In October of 1997 Jack Calhoun’s then wife moved out of their house and into apartment down the street. Essentially, he said, his marriage ended after seven years and two young children.
“I’m a guy, and to feel that things in my life were out of control was unsettling,” Calhoun said during The Vine Story Hour at the Avenue A Teen and Community Center in Antrim.
He said the move turned his world upside down and he was terrified.
One weekend, in an attempt to keep busy, he signed up for a conference about history and community engagement at Franklin Pierce University.
“It was a beautiful sunny day in a big sunny room and I sat down and there was this tall, attractive looking woman there wearing an Irish cable-knit sweater, white whale corduroy slacks, and sensible shoes,” Calhoun said.
The two introduced themselves to one another, her name was Beth, and the two made small talk throughout the day and went their separate ways at the end of the conference.
Time passed and things started to stabilize in Calhoun’s life. His friends set him up on dates and persuaded him to join an online dating site, an experience he called “weird” and “mostly uncomfortable.”
Instead, Calhoun said, he poured himself into work and cherished moments with his kids. He got a new job working to develop rural communities.
The job required submitting grant applications and one day his phone rang. The woman on the other end said her name was Beth and that she thought the two had met at a FPU conference about five years ago. She was reviewing a grant proposal Calhoun had submitted. They talked, and a couple of weeks later he found out that the grant had been approved.
In the fall of 2002, an organization that he was a part of hosted its annual social dinner.
“It was sort of a couples thing and I thought, ‘I don’t really feel like going to this thing by myself, I wonder if that woman from the foundation, Beth, would like to go?’” he said.
Calhoun knew Beth lived in Dublin, but didn’t know her last name and didn’t have the internet at the time in his rural home in Harrisville.
“I did have time and I did have motive though,” he said.
He pulled out a phone book for the Monadnock region and began working the columns.
“A third of the way through I came to a name that said “E” and I said, ‘hmm … that could be Elizabeth, it could be Beth. So I dialed the number,” Calhoun said.
A woman answered.
“There was no going back,” he said of that moment.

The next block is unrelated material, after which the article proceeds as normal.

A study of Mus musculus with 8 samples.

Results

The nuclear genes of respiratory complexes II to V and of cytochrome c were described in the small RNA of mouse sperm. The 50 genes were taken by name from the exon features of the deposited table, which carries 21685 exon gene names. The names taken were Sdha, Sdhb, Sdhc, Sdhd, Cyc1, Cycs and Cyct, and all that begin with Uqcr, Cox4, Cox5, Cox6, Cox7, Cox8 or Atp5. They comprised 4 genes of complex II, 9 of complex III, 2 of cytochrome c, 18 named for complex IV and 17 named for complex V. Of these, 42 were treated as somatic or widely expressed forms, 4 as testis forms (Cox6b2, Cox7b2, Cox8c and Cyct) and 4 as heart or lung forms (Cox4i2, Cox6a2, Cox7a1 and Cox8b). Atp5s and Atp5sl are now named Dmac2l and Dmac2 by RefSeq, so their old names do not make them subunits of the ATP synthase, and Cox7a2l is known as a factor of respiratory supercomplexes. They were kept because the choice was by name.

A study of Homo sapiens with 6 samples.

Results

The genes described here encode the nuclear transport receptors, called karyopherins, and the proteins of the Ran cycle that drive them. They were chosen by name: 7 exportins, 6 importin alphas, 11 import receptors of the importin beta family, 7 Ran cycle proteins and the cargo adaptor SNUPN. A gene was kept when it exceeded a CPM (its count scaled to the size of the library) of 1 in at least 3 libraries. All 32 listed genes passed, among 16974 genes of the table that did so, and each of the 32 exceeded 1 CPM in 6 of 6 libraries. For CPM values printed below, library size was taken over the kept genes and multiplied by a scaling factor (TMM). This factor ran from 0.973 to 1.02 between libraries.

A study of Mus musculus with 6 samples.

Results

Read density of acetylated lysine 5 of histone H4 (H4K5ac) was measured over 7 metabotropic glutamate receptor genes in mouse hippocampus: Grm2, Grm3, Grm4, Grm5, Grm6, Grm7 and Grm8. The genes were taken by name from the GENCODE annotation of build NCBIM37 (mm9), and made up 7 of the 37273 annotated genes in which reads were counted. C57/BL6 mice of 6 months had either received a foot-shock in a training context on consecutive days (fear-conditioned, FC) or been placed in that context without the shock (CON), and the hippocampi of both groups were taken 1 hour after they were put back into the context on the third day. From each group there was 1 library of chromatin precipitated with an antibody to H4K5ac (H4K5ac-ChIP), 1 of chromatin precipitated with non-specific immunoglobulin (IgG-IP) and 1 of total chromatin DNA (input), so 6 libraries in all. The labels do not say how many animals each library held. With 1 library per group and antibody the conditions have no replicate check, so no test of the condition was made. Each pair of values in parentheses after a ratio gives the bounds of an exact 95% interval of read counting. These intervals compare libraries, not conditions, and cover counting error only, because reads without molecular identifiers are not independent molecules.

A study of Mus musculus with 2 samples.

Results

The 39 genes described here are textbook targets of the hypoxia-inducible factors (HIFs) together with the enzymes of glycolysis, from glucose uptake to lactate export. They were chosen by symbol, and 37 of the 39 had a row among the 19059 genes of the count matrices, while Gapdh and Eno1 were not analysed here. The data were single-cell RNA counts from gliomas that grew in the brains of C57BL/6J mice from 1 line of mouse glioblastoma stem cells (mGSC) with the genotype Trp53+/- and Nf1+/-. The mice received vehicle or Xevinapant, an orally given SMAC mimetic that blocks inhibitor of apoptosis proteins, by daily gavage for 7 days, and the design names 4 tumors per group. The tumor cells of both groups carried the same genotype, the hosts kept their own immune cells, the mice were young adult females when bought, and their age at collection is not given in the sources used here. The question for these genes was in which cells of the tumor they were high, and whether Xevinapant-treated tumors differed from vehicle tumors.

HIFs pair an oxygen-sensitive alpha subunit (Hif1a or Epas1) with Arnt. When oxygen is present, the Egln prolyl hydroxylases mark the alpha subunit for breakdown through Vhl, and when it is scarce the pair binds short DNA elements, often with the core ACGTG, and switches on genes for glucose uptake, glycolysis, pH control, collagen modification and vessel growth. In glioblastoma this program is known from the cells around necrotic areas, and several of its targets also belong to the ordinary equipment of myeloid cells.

He asked if she was Beth from the foundation, and she said “yes.” Calhoun explained why he was calling, and she said the invitation sounded great, but was out of town and unable to go.
Two weeks later she called and invited him to a different event, but he had his kids that weekend and couldn’t attend.
A year passed and finally the two went went to a concert at the Nelson Town Hall.
“Nine years to the day that I sat down in that sun filled room in Franklin Pierce, I stood in the midst shrouded field on a hillside in Harrisville and Beth and I got married in front of 150 of our closest friends and family,” Calhoun said. “And I knew her last name.”
A grandmother’s love
Dan Edwards spent much of his childhood outdoors, swimming in Lake Winnipesaukee. One summer Edwards’ uncle taught him how to catch crayfish using a metal bucket with holes that he used to dive under the surface and scoop the crustaceans from the lake floor. He would then throw the catch up into the air and watch as a small mouth bass swam from the dark, depths of the water and leapt out to snatch the meal.
“I would do this for hours,” Edwards said during the storytelling event.
One particular day, Edwards said, he was out in the water all afternoon feeding the bass when his grandmother started calling him up to the house for dinner.
“I knew she was (calling me),” Edwards said. “I saw her walk down to the dock, but I pretended I didn’t see her.”
Every time she called he would plunge below the surface.
“My grandmother, just to put her in context, was second generation English, very proper,” Edwards said. “Thanksgiving at her house was like forks and spoons and sitting and standing. There was just like stuff we had to know.”
That day he knew if he didn’t respond, there would be Hell to pay, but even still, he didn’t respond to her calls.
“Finally I was like, ‘OK, I have to go in,’” Edwards said. “So I paddled back and I got up and I was just blue lipped, shivering like you would not believe.”
He said his grandmother had been standing in the spot for about 20 minutes. He said her lips were pursed and he assumed he was in big trouble.
“When I got up onto the dock she got down onto her knees and she pulled me in and she dried off my hair and she told me in my ear, she said, ‘when you want to dry off really quick, you dry your hair first,’” Edwards said. “That was like real love to me, I felt it in that moment.”
Now, Edwards has a son of his own who likes to swim in Norway Pond until he is blue-lipped and shaking uncontrollably, just like he did all those years ago.
“I’ve done this with him (my son) and everytime I do, I think of my grandmother, I think of that moment, that love,” Edwards said.
Abby Kessler can be reached at 924-7172, ext. 234 or firstname.lastname@example.org.